Overall Rating Bronze - expired
Overall Score 35.38
Liaison Kristy Howell
Submission Date June 17, 2014
Executive Letter Download

STARS v2.0

Johnson County Community College
AC-6: Sustainability Literacy Assessment

Status Score Responsible Party
Complete 0.22 / 4.00 Kim Criner
Student Sustainability Engagement Coordinator
Center for Sustainability
"---" indicates that no data was submitted for this field

The percentage of students assessed for sustainability literacy (directly or by representative sample) and for whom a follow-up assessment is conducted:

The percentage of students assessed for sustainability literacy (directly or by representative sample) without a follow-up assessment:

A copy of the questions included in the sustainability literacy assessment(s):
The questions included in the sustainability literacy assessment(s) :

A brief description of how the assessment(s) were developed:

We developed our assessment by drawing questions from several assessments gathered from either the Green Schools listserv or the AASHE resources page, as well as supplementing with our own questions regarding economics and systems thinking to flesh out a fuller spectrum of sustainability themes that we felt would best indicate a broad understanding of sustainability.

A brief description of how the assessment(s) were administered:

The assessment was administered through our department of Institutional Planning & Research to a representative sample of 3,210 students. The representative sample was reached by sorting the variables of age, ethnicity and gender. Each student is "assigned" an institutional survey for the semester (sustainability must share the population with other student-geared surveys). Each survey group is reviewed to ensure it is representative of the student population as reflected by the three main variables.

The survey was sent to the email accounts of the representative sample as an optional survey. They received 2 reminders over 2 weeks before the survey was closed. For this survey we offered the incentive of a chance to win one of three $25 campus cards (debit card for dining services and bookstore, etc.) for participating.

A brief summary of results from the assessment(s):

The quiz received a 10% response rate, 324 responses out of a possible 3,210. The majority of respondents were female (69%). Respondents’ age ranged from 14 to 77 years old with an average age of 32. However, 50% of respondents were 28 or younger. Furthermore, the majority of respondents were Caucasian (78%).

Results of the assessment showed that 90% of students recognized a complex definition of sustainability, as well as realized sustainability as a concept encompassing, social, economic and environmental issues. Three-quarters of students actually thought the US used more of the world's energy than we do, conveying a strong perception of the US as either wasteful or powerful (or both). Just over half of students did know the primary source of electricity is coal and almost three-quarters knew motor vehicles to be the biggest contributor to Carbon Monoxide emissions. Eighty percent recognized gasoline prices to correlate with global competition for the resource. Student overwhelmingly (50-90%) recognized a variety of cause and effects of climate change, as well as affects of population growth. Only 6% recognized urban redesign as having a profound effect on sustainability, rather almost 80% answered that renewable energy would have a great impact. This suggests that they recognize energy as a crucial factor, but don't immediately make the systems connections between all the inputs and outputs required for a city/community. Three-quarters recognized repercussions of coal mining, while there seemed to be more confusion about implications of the US food system (37% thought it increased food diversity, while only 25% thought it led to lower food prices, about 65% did associate soil erosion and poor nutrition to be related). Students did not widely know where most water pollution comes from (only 38% answered runoff), while the majority (75%) recognized at least some aspect of the effects of externalities on economics and society. About 83% of students understood at least some aspect of the affect of government policy on sustainability. Almost 70% understood life-cycle assessment. Over 50% of students said they guessed at their responses. Over 25% said that a JCCC class informed their response.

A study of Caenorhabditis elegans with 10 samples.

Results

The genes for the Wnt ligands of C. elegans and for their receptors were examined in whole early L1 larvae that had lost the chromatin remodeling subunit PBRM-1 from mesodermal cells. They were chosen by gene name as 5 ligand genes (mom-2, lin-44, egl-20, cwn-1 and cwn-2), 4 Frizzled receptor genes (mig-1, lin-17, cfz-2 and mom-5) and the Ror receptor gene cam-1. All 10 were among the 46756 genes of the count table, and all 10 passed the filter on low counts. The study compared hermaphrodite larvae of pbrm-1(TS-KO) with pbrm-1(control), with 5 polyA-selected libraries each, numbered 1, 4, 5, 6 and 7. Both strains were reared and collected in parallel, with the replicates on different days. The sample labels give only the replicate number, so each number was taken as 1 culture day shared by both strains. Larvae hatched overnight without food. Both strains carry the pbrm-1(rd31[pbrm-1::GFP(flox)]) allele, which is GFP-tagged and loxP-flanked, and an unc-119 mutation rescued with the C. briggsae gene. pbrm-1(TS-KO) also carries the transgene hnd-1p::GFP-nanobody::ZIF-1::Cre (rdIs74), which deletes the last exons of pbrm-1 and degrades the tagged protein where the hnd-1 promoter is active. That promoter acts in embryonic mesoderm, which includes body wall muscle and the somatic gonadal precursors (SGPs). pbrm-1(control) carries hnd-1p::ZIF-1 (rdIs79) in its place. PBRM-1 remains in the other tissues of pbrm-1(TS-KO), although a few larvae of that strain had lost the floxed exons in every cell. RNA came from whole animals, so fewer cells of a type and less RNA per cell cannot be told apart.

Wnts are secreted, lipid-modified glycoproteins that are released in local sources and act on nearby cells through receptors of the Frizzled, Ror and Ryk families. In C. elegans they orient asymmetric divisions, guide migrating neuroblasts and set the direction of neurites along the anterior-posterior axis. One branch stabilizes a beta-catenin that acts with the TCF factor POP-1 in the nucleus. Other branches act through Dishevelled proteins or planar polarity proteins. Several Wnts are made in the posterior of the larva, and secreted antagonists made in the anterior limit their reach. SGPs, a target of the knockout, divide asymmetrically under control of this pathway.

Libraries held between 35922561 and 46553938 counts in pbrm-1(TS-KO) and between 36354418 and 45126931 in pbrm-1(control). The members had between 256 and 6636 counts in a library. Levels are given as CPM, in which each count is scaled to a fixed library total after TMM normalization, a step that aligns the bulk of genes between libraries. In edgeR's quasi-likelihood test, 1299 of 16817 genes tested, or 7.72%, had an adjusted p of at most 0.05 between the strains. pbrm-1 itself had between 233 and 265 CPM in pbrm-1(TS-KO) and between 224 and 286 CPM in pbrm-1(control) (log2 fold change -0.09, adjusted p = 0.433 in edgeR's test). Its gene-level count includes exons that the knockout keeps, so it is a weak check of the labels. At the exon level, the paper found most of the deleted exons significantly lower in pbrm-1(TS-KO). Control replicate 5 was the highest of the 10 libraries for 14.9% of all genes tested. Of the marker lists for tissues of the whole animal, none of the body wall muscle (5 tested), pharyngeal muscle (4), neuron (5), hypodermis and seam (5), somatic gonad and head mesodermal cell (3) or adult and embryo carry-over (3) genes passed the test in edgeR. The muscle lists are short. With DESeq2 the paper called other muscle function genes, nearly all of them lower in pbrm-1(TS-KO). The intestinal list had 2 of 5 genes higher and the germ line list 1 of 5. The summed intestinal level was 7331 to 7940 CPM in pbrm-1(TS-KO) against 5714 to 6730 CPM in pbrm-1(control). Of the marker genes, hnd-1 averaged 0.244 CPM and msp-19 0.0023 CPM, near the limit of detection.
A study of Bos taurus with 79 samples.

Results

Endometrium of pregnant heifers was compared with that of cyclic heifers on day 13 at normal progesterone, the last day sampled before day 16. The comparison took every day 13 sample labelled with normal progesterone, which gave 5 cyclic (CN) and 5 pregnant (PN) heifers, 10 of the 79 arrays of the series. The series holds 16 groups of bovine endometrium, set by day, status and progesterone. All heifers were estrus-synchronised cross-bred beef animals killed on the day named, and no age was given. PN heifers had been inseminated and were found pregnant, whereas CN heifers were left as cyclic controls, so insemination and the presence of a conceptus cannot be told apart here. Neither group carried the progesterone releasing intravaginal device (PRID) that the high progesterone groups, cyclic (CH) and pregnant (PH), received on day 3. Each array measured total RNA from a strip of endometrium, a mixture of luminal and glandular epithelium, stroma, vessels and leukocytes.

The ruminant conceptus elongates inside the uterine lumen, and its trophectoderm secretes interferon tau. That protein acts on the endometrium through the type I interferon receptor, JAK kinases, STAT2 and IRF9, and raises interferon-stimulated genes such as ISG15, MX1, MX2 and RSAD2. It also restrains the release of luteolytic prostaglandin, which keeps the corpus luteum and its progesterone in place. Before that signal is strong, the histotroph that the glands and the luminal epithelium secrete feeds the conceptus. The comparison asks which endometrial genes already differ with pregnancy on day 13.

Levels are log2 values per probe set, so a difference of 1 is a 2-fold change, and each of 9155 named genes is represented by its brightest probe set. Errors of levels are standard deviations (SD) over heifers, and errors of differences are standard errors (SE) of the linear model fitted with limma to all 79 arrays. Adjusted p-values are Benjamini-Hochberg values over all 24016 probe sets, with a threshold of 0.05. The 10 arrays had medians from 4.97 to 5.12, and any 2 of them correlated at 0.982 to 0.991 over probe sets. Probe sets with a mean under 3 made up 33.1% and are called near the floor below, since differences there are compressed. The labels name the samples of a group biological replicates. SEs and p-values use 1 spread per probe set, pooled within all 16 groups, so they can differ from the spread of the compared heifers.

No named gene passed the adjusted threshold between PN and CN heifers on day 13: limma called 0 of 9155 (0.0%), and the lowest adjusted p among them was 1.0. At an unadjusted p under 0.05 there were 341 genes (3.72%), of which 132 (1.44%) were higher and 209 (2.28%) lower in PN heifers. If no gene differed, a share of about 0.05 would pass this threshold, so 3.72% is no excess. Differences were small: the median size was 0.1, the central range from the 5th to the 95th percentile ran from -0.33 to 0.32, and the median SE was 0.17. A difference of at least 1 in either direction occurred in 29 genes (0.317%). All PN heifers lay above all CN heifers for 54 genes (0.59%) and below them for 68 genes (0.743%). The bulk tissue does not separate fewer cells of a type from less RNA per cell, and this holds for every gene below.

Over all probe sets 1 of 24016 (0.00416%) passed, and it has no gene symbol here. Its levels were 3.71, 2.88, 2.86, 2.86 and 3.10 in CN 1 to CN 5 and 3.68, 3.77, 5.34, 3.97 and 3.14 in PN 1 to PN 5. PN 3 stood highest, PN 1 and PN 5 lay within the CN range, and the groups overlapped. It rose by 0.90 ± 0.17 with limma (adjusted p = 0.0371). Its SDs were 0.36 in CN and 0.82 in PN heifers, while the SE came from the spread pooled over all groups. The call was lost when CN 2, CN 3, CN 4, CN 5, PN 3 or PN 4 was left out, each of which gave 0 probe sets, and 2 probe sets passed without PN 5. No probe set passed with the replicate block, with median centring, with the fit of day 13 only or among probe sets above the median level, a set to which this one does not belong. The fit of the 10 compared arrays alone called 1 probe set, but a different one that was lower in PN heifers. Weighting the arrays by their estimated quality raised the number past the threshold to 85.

The website URL where information about the literacy assessment(s) is available:

324 responses = 1.82 % of the total spring 2013 credit enrollment of 17,837.
But we used a representative sample of 3,210, 324 responses = 10.1% of the sample size.

The information presented here is self-reported. While AASHE staff review portions of all STARS reports and institutions are welcome to seek additional forms of review, the data in STARS reports are not verified by AASHE. If you believe any of this information is erroneous or inconsistent with credit criteria, please review the process for inquiring about the information reported by an institution or simply email your inquiry to stars@aashe.org.